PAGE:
Everybody claims to love diversity, but genuinely deep diversity is actually very hard to live with.

It is easy to accept differences about things one thinks of as unimportant, but to accept diversity about things we care deeply about requires rare and difficult virtues: the determination to understand the outlooks of people we believe to be deeply misguided, the willingness to accept political results we regard as only second-best, and the confidence in our liberties and beliefs not to be threatened by difference.

None of these virtues has been on conspicuous display in the torrent of hostile reactions to last month’s Hobby Lobby decision.

Numerous progressive activists denounced the Supreme Court for allowing companies (as they — erroneously — put it) “to deny access” to contraceptives. Massachusetts Sen. Elizabeth Warren sneered on Twitter at the Green family’s “vague moral objections.” And many less-prominent individuals’ tweets and comments were still more hostile, likening the stores’ owners to the Taliban.

I get it: the progressives believe strongly, and sincerely, that everybody should be made to buy health insurance coverage that includes the widest possible access to contraceptive care. But, if they in fact value diversity, they should look for ways of living harmoniously with people who disagree with them, instead of demonizing and disparaging them.

Which is why they should welcome the court’s actual decision in the Hobby Lobby case.

The Affordable Care Act (“Obamacare”) requires firms to provide health insurance but left it to the Department of Health and Human Services to spell out exactly what that insurance has to cover. The department decided that only insurance plans that covered all 20 forms of FDA-approved contraceptives would be acceptable.

Recognizing that many conservative religious groups sincerely believe that life begins at conception and that to take any step that prevents a fertilized egg from successfully implanting in its mother’s womb is tantamount to abortion — which in their view is homicide — the department offered an accommodation to certain religious nonprofit organizations.

Under the terms of that proposal, the religious nonprofits could provide health insurance for their employees that did not cover the four forms of birth control that can lead to the destruction of fertilized human eggs. But the insurers would in turn be required by the government to provide that coverage to the employees, at no cost to either the employees or to the employers.

Like the trustees and officers of many religious nonprofits, the five members of the Green family who jointly own the Hobby Lobby stores hold that human life is sacred from the moment of conception, and they, too, object to being required to help other people destroy human life.

So, though they happily pay their employees a generous wage (their employees start at $15 an hour) and cover the other 16 forms of FDA-approved contraceptives, they object to being required to pay for health insurance plans that cover the four potentially abortifacient contraceptive methods.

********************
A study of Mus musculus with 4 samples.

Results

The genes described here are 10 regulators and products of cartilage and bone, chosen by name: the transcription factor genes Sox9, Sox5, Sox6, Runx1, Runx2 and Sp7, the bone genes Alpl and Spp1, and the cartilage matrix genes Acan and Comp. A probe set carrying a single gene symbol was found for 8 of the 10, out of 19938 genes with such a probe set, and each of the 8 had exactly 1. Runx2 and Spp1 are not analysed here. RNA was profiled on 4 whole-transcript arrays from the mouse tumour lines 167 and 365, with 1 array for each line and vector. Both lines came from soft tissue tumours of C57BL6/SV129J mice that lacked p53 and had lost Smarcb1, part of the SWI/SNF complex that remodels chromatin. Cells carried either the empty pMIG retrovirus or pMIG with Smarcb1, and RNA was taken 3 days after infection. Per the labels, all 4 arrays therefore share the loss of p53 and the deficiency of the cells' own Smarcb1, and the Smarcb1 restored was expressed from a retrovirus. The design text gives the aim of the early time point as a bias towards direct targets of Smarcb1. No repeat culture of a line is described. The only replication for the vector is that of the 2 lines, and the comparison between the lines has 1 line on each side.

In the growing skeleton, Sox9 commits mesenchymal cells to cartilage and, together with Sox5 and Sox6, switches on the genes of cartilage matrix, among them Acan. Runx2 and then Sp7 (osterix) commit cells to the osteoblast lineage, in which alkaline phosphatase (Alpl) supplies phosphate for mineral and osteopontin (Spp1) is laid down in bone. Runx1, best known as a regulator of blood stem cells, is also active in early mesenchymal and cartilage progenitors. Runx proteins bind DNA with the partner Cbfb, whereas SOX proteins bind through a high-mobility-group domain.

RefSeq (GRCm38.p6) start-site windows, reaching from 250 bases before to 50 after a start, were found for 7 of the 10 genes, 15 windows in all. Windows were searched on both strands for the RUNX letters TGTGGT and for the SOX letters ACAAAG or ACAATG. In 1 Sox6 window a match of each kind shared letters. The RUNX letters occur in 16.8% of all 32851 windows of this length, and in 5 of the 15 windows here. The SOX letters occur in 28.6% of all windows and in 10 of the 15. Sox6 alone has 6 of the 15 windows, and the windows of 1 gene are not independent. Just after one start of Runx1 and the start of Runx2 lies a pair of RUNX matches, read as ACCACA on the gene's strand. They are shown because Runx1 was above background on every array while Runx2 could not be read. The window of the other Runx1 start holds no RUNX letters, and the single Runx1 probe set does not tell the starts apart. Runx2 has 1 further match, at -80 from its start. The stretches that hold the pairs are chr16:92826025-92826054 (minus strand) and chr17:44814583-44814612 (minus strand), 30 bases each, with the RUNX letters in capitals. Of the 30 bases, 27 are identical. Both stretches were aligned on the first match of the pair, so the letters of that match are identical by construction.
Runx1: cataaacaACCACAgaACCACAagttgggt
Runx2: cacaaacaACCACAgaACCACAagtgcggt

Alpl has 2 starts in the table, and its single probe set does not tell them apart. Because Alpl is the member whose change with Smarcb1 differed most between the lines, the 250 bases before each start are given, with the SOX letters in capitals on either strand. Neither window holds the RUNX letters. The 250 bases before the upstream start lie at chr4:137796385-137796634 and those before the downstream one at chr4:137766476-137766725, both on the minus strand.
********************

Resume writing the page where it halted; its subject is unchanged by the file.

But the Obama administration refused to offer them (or any for-profit company) the accommodation it gave to the religious nonprofits. Thus, in the Greens’ view, the mandate imposed on them a terrible choice: to betray their principles, or to get out of business.

Because it is generally a bad thing to make people betray their principles, the Religious Freedom Restoration Act was designed to save people from having to face that choice unless the controversial law was the “least restrictive means” of advancing a “compelling governmental interest.”

As Justice Kennedy’s concurring opinion makes clear, all the court held was that, because the government had already figured out an alternative way of providing the controversial insurance coverage, without requiring employers to abandon their principles, there was a less restrictive means available to it to accomplish its goals, and so it had to make that same accommodation, or a similar one, available to the Greens.

Remember: under the terms of that accommodation, the owner-employers (who, after all, are the ones who created jobs for 13,000-plus people) are left free to practice their religion while participating fully in the public life of their country — and the employees, whose right to use their own money to buy whatever medical servcies they might want was never in question and never in jeopardy — would end up with exactly the same, full package of contraceptives coverage mandated for everyone.

Lovers of diversity should be celebrating this decision as a win-win: religious diversity is respected, and the employees get all the contraceptive coverage the Obama administration thinks they should want.

Joseph R. Reisert is associate professor of American constitutional law and chairman of the department of government at Colby College in Waterville.